At the end of John 4, the Lord Jesus healed a man from a distance of about 40 kilometers. In chapter 5 He gets close enough to be able to talk to a man who is described as “impotent,” meaning, “without strength” (v7). The location is “the pool of Bethesda,” not far from “the Sheep-gate” (v2) through which the sacrificial lambs were taken on the way to the Temple. It seems that an angel had, at one time, visited the site and stirred up the water. Subsequently, whenever the water became agitated, it had healing properties, although only the first person into the pool was healed.
For 38 years he had suffered this debilitating disease. We are not told how he got there. There were probably times when he questioned why he even bothered, since he had no chance of being first into the water. However, there was still that faint hope that his time might come.
Well, his day had come! The Lord Jesus was perfectly aware of this man’s need, and while there were many other needy people there, the Lord singled out this man for deliverance. The Lord didn’t need to wait for the waters to be stirred; He possessed the power to heal the man. The Lord could have healed him without saying a word but He said, “Wilt thou be made whole?” (v6). One would have thought that the answer to this question was obvious. No doubt the Lord wanted this man to express his helplessness. Then the Lord told him to do what he had been unable to do for 38 years. Jesus said, “Rise, take up thy bed, and walk.” Without having to go through any course of physiotherapy the man immediately responded to the command of Christ. He arose, took up his bed, and walked.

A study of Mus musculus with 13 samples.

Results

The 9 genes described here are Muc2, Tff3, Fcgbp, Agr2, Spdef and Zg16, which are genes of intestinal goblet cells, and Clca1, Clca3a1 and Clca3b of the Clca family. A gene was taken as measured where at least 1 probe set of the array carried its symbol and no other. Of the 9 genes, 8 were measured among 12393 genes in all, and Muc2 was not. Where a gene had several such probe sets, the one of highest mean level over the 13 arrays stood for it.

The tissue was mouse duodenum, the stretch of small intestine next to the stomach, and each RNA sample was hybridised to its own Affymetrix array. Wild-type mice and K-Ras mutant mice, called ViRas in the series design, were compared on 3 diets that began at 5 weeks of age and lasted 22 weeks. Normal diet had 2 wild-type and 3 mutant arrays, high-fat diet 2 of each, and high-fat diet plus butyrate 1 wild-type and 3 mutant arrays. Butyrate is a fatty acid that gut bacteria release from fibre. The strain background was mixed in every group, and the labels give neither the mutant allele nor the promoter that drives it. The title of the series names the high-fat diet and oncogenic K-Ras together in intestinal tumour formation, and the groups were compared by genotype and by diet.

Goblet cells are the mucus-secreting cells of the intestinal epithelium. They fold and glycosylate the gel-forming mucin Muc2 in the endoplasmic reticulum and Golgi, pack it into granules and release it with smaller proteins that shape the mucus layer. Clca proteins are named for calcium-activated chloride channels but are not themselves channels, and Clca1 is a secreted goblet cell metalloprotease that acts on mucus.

This incident in the life of Christ illustrates for us why He came into the world. The Lord went to the pool to deliver this man from his affliction. Likewise, He came into the world to save us from the consequences of sin. We have been afflicted with the disease of sin from birth, due to the fact that we are children of Adam. “As by one man [Adam] sin entered into the world, and death by sin; and so death passed upon all men, for that all have sinned” (Rom 5:12).
This man is described as “impotent,” that is, totally incapable of helping himself. Even so, we are totally incapable of delivering ourselves from sin. However, in Romans 5:6 we read, “When we were yet without strength, in due time Christ died for the ungodly.” Just as the impotent man trusted the words of Christ, so we must believe Him when He tells us, “For God so loved the world that He gave His only begotten Son, that whosoever believeth in Him should not perish but have everlasting life” (John 3:16). “Believe on the Lord Jesus Christ and thou shalt be saved” (Acts 16:31).